Once upon a time, about, oh, ten months ago, the political class was dead certain of two things: Hillary Clinton and Rudy Giuliani were pretty close to unelectable. Hillary’s case was the more obvious of the two. Although she was clearly the Democratic front-runner, political pros doubted whether such a polarizing politician, one who was viewed unfavorably by nearly half of all Americans surveyed, could convince Democratic primary voters that she gave their party the best shot to win back the White House. As the Washington Post editorialized on the occasion of her formal entry into the race, “The question about Hillary Clinton may be not so much whether a woman can win the presidency but whether this woman can.”
Rudy faced similar questions. It was widely assumed that his moderate views on abortion and guns would help him in a general election. But students of political history—and New York political history in particular—were dubious about how his act would play in Poughkeepsie, much less Peoria. After all, it’s an iron rule of politics that the New York City’s mayor’s office is a “tomb for the politically ambitious,” which is why even popular mayors (La Guardia) and presidential-looking mayors (Lindsay) never managed to ascend to higher office. And while many Americans may consider Giuliani “America’s Mayor” because of his 9/11 performance, New Yorkers had lived under the real, pre-9/11 Rudy—and had no doubt that over the course of a long campaign, the rest of America would come to know that Rudy, too. As an article in National Review Online put it, Giuliani “will probably suffer in a general election campaign from the fact that there is so much evidence in the public record that he is a total jerk.”
So it must have come as something of a shock to the political professionals to pick up the New York Times in mid-November and find a front-page story about a couple of polls of Iowa and New Hampshire voters. Headlined “Polls Find Voters Weighing Issues vs. Electability,” the article reaffirmed the conventional wisdom that electability will heavily influence primary and caucus voters. But the shock came when these voters considered who is the most electable: 47 percent of Iowa Democrats and 68 percent of New Hampshire Democrats named Clinton, and a plurality of Republicans in both states gave the nod to Giuliani. In less than a year, the two candidates had managed to turn what was thought to be their Achilles’ heel into one of their greatest strengths.
Which just goes to show how squishy and even bankrupt “electability” is as a political concept. Unlike political judgments that are based on concrete assessments of, say, a candidate’s record or even something as grubby as his fund-raising prowess, those that are based on a candidate’s supposed electability can change on a moment’s notice. And then change again. Electability is completely ephemeral. Even those hoary and maddeningly indefinable political qualities like “character” and “authenticity” have more meat on their bones.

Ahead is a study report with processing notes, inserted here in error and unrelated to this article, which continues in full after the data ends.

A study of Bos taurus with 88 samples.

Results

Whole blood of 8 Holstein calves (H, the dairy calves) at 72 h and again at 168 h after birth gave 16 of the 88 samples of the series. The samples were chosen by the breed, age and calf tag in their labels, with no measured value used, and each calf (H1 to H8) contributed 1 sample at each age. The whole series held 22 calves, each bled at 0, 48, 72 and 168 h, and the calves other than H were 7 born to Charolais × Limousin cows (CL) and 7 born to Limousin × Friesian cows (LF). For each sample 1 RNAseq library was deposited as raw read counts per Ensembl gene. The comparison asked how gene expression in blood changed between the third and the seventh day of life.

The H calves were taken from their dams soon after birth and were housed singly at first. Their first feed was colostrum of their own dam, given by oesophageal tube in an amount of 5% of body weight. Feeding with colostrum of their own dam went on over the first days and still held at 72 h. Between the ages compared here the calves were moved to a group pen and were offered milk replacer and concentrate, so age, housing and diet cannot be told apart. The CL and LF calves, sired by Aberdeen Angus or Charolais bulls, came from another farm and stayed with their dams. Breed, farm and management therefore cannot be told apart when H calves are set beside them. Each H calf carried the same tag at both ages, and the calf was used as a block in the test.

And that’s probably why those candidates who resort to playing the electability card are, more often than not, losers. According to Merriam-Webster’s, the term electable has been with us since 1879, but it really wasn’t until late last century that candidates started adding electability arguments to their political arsenals. They usually haven’t worked. Adlai Stevenson and his allies, including Eleanor Roosevelt, tried to no avail to use electability against John Kennedy in 1960, claiming that his Catholicism would keep him from winning the general election. In 1984, Gary Hart based much of his unsuccessful campaign for the Democratic nomination on the contention that Walter Mondale, the eventual Democratic nominee, couldn’t beat Ronald Reagan in November. (That Hart turned out to be right was cold comfort for him.) Four years later, Bob Dole argued that George Bush wasn’t electable, and four years after that, Bob Kerrey said the same about Bill Clinton. (Kerrey was much more colorful than Dole, predicting that Clinton was “going to be opened up like a soft peanut” by Bush.)
The reductio ad absurdum of electability arguments may have come last month, when John McCain’s campaign sent out an e-mail blast titled “Good Polling News” hyping a national poll by Fox News that, in the McCain campaign’s estimation, showed that “John McCain is the Republican candidate best positioned to beat Hillary Clinton”—because in hypothetical head-to-head matchups with Clinton, McCain outperformed Giuliani by one percentage point. Alas, there was an inconvenient truth about the poll: It showed McCain and Rudy both losing to Clinton, by three and four points, respectively. In other words, the McCain team’s electability argument boiled down to this lame claim: Our guy will lose by less!